November 19, 2001 03:43pm
Rick's Challenges Minneapolis' Attempts to Shut Topless Nightspot
Source: Rick's Cabaret
by: Company Press Release
(MINNEAPOLIS, MN) -- First Amendment attorney Randall Tigue said today that new attempts by the City of Minneapolis to shut down early morning entertainment at Rick's Cabaret, a topless nightspot on South Third Street, are "both vindictive and foolish. "
"Despite the fact that the city has lost three legal cases on the same issue, it persists in spending taxpayer dollars to try to get the courts to enforce its own version of morality," according to Randall Tigue, the attorney representing Rick's Cabaret International, Inc., a publicly traded Texas company [NASDAQ: RICK] that operates the upscale night spot. He added: "To try to shut us down, the city has resorted to repealing its own flawed ordinances in a vindictive and foolish attempt to infringe on our rights."
Until its repeal last month, a Minneapolis ordinance allowed central business district nightspots to stay open from 1 a.m. to 3 a.m. to provide entertainment but not to serve liquor. The present legal battle stems from an application to operate in the wee hours submitted in December 1998 by Rick's Cabaret. The city took no action on the application for a year, so the company filed suit in December 1999 challenging both the ordinance and the application process as unconstitutional. It sought damages of more than $1 million in lost revenue.
Attorneys for Rick's Cabaret obtained a temporary injunction from Hennepin County District Court Judge Marilyn Rosenbaum that permits topless performances to continue until 3 a.m., despite the repeal of the ordinance. The city has now taken the case to the Minnesota Court of Appeals.
"How many times does the city want to get hit over the head with a two-by-four on this same issue before giving up its attempts to regulate the morality of our citizens and visitors?" asked Mr. Tigue. "The city is desperately trying to salvage something from its earlier defeats by appealing to the State Court of Appeals even though it has been told by the courts repeatedly since the 1980s that its laws and administrative policies are unconstitutional."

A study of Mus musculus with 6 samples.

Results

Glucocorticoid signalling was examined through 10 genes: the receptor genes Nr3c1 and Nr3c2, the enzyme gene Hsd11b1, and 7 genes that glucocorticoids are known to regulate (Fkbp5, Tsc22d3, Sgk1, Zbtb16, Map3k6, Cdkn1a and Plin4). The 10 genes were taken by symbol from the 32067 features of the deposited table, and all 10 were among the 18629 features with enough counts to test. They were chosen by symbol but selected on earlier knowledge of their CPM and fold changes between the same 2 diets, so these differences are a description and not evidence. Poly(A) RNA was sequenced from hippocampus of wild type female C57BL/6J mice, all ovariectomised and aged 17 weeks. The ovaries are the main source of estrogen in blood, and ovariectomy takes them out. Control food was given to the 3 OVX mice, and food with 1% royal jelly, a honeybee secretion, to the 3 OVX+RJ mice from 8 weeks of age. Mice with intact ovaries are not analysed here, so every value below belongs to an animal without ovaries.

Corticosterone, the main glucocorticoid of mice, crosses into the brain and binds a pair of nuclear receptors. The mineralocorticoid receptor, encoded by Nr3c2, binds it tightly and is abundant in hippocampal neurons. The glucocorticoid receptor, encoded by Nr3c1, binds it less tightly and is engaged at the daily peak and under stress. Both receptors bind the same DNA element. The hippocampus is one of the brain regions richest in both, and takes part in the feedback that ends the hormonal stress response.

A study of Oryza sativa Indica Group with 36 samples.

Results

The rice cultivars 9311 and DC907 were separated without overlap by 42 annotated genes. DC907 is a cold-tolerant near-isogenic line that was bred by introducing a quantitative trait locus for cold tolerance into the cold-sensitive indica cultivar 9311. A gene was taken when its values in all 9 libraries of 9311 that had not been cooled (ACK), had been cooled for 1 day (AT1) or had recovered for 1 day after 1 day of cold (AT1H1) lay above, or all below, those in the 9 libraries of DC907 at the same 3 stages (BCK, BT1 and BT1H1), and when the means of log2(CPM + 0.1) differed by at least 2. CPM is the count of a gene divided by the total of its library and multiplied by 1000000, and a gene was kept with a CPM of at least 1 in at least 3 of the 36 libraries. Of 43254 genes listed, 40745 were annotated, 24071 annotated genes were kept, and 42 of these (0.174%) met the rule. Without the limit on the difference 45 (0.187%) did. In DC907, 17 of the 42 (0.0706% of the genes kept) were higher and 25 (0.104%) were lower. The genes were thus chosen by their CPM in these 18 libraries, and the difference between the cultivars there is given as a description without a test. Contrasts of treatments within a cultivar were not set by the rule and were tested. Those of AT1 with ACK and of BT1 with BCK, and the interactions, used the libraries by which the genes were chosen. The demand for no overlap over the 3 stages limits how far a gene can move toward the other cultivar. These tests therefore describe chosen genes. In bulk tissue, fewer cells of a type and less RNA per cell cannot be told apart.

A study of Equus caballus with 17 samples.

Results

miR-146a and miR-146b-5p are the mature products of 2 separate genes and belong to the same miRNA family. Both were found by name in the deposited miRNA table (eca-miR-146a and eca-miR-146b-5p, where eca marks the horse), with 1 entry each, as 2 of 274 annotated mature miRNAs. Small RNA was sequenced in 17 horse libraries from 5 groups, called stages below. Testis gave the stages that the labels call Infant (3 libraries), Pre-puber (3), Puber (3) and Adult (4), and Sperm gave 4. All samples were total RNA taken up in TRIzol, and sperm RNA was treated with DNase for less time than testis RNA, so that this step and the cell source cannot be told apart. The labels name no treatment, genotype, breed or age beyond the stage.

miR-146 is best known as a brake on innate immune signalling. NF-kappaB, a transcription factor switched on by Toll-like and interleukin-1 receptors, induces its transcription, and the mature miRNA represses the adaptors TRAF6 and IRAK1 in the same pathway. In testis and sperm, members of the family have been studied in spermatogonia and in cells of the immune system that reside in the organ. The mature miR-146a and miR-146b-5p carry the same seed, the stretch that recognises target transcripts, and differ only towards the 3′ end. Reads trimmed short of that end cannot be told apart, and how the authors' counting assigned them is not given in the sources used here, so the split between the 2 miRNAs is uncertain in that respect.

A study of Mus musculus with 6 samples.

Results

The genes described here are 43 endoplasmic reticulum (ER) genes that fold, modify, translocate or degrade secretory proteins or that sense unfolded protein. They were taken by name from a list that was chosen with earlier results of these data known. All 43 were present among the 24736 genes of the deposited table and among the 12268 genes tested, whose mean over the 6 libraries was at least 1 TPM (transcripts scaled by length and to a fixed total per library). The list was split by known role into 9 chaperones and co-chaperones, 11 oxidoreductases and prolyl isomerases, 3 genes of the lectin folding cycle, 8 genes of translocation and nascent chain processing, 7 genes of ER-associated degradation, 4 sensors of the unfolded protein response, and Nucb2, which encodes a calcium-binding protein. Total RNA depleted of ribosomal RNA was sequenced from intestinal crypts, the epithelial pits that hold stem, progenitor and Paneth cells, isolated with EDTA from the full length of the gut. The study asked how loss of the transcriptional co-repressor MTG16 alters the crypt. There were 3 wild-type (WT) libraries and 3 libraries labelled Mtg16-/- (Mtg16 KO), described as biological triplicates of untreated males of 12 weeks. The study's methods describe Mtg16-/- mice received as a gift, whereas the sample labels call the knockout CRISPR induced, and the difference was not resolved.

Mr. Tigue said that in addition to being slapped with an injunction in the initial Rick's lawsuit for sitting on a license application for over a year, the city has lost two other cases. In Alexander v. Bergquist, decided in 1987, the court declared that the city's theater and place of entertainment licensing ordinances were unconstitutional because they permitted the city to holdup license applications indefinitely; and in Mga Susu, Inc. v. City of Minneapolis, decided in 1996, the District Court issued an injunction against the city in another licensing application case involving a nude dance club, the 418 Club.
About Rick's Cabaret:
Rick's Cabaret International Inc. [www.ricks.com] opened its first Rick's Cabaret in Houston in 1983 and went public in 1995. It is the only publicly traded company in the topless entertainment business. Rick's owns and operates premier adult entertainment Internet Web sites, including the leading adult products auction sites under the flagship www.naughtybids.com, and entertainment sites including www.DancerDorm.com and www.xxxpassword.com. Rick's owns and/or operates four Rick's Cabaret locations in Houston and Minneapolis, and two XTC Cabarets located in San Antonio and Austin.
Forward Looking Statements:
This press release contains forward-looking statements that involve a number of risks and uncertainties. Important factors that could cause the company's actual results to differ materially from those indicated in this press release include the risks and uncertainties related to the growth of Rick's Internet operations, the future operational strength its partners, the growth of Rick's cabaret operations, the laws governing the operation of adult entertainment businesses, competitive factors, dependence on key personnel and the ability to manage operations. Rick's has no obligation to update or revise the forward-looking statements to reflect the occurrence of future events or circumstances.